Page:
Functional imaging reduces unnecessary angiography for suspected heart disease

By John Murphy, MDLinx
Published August 30, 2016

Key Takeaways

In patients with suspected coronary heart disease (CHD), management guided by functional imaging resulted in significantly fewer unnecessary angiographies compared with management directed by national guidelines, according to results presented August 29, 2016 at the European Society of Cardiology Congress, held in Rome. The study was published simultaneously in the Journal of the American Medical Association.

“Rates of invasive angiography are considered too high among patients with suspected coronary heart disease,” said lead investigator John Greenwood, PhD, Professor of Cardiology and Consultant Cardiologist at the University of Leeds, in Leeds, UK. “Reducing unnecessary angiography should reduce patient risk and provide significant financial savings.”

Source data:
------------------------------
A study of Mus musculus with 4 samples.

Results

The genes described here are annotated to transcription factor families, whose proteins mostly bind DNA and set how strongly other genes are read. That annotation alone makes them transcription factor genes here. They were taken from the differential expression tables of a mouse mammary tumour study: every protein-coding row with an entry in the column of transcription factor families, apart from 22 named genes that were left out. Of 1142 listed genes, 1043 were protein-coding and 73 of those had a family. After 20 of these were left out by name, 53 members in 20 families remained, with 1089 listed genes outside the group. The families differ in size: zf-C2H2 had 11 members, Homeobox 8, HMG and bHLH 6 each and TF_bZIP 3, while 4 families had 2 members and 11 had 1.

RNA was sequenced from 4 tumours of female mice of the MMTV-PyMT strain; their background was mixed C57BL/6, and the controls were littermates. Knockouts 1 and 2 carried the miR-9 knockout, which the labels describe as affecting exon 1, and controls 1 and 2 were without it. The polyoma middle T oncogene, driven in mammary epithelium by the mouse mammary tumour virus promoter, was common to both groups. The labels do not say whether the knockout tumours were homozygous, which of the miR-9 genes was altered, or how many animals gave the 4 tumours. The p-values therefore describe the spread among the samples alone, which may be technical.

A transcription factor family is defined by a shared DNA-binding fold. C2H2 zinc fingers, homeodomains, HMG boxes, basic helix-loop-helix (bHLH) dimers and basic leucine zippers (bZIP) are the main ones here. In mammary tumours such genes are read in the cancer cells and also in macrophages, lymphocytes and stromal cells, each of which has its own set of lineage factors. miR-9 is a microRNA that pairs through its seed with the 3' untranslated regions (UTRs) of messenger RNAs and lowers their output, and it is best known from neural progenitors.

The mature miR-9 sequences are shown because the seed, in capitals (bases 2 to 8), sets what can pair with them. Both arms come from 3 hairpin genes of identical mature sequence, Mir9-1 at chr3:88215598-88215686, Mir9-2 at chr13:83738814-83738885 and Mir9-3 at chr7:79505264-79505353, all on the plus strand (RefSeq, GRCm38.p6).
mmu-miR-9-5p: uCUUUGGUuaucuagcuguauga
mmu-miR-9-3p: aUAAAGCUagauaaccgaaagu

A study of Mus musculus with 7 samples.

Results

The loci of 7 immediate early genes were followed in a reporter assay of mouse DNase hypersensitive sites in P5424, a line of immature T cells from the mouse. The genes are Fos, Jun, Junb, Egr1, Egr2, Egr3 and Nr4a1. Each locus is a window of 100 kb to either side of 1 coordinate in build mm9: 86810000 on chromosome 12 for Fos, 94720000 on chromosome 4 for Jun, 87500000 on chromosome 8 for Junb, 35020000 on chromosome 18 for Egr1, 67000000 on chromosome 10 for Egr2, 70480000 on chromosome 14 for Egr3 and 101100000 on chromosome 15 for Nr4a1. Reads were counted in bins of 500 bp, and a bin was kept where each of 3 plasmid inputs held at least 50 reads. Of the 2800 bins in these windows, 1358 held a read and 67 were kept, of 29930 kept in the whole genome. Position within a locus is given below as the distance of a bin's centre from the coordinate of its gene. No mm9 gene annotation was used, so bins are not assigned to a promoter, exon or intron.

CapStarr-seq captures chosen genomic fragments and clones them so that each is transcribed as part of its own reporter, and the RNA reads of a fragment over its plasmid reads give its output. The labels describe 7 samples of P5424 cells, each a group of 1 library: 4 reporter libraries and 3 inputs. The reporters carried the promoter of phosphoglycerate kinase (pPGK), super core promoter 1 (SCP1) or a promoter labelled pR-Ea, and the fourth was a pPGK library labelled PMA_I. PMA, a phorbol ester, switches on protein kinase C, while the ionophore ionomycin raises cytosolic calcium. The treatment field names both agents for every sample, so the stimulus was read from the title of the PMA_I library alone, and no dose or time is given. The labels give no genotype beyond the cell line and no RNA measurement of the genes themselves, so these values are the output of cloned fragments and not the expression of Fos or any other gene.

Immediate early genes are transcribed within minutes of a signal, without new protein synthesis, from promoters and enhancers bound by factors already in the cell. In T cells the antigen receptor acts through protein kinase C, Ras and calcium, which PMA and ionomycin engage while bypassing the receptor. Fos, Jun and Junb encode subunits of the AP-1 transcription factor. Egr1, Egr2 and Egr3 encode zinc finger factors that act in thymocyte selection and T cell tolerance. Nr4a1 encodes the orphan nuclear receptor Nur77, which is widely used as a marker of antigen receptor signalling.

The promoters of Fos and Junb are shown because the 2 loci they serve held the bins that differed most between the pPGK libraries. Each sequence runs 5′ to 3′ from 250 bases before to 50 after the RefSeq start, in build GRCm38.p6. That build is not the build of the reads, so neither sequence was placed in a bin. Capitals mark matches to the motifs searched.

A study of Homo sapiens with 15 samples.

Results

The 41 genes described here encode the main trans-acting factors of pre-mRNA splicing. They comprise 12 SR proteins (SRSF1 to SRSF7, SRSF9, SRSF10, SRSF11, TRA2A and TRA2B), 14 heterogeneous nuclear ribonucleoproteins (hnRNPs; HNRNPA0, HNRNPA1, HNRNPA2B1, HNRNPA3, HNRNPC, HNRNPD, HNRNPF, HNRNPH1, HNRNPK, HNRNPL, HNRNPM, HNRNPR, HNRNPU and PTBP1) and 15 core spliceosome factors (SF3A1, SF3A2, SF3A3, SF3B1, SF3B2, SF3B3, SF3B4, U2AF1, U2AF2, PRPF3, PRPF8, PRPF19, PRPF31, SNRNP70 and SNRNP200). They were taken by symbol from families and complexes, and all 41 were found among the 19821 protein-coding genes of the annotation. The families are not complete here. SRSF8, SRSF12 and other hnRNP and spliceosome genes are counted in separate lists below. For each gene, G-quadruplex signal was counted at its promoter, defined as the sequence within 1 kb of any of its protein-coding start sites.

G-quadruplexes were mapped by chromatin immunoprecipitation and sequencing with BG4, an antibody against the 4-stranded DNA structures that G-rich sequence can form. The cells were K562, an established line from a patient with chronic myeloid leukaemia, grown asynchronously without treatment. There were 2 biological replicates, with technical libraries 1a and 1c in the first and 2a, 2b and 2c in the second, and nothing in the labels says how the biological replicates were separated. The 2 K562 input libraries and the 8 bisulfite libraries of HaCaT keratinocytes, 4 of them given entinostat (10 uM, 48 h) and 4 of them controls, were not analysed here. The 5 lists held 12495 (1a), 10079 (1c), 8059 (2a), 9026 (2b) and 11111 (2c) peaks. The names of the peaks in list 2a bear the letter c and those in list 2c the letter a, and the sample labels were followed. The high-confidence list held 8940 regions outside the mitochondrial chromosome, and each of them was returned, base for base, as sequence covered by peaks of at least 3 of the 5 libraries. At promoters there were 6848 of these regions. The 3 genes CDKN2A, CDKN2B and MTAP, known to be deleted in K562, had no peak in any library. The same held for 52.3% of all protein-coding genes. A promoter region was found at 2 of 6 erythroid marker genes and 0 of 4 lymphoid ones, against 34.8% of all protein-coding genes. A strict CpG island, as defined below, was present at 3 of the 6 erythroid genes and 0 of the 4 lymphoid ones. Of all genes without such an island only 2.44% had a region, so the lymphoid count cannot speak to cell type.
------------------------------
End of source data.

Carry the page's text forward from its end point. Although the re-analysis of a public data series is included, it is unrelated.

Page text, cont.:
Despite widespread recommendations for non-invasive imaging, invasive coronary angiography is still commonly used as a first-line strategy for diagnosing patients with suspected CHD, Dr. Greenwood explained. However, results of large studies of patients who present with chest pain have shown that the majority of these patients do not have obstructive coronary disease.

For this study—the Clinical Evaluation of MAgnetic Resonance imaging in Coronary heart disease 2 (CE-MARC 2) trial—Dr. Greenwood and colleagues at six centers in the UK enrolled 1,202 patients with suspected CHD, all of whom reported chest pain as their primary symptom.

The researchers randomly assigned patients to management directed by the UK's National Institute for Health and Care Excellence (NICE) guidelines or to functional imaging-guided care based on the results of cardiovascular magnetic resonance (CMR) imaging or myocardial perfusion scintigraphy (MPS) testing.

After 12 months, a total of 265 patients underwent at least one coronary angiogram: 102 of 240 patients (42.5%) in the NICE guidelines group, 85 of 481 patients (17.7%) in the CMR group, and 78 of 481 patients (16.2%) in the MPS group. There were no statistically significant differences between the three patient groups in their rates of major adverse cardiovascular events.

“Our findings show that both CMR and MPS significantly reduced rates of unnecessary angiography compared to guideline-directed care, with no penalty in terms of major adverse cardiovascular events,” Dr. Greenwood said. “This suggests that functional imaging should be adopted on a wider basis, even in high-risk patient subgroups.”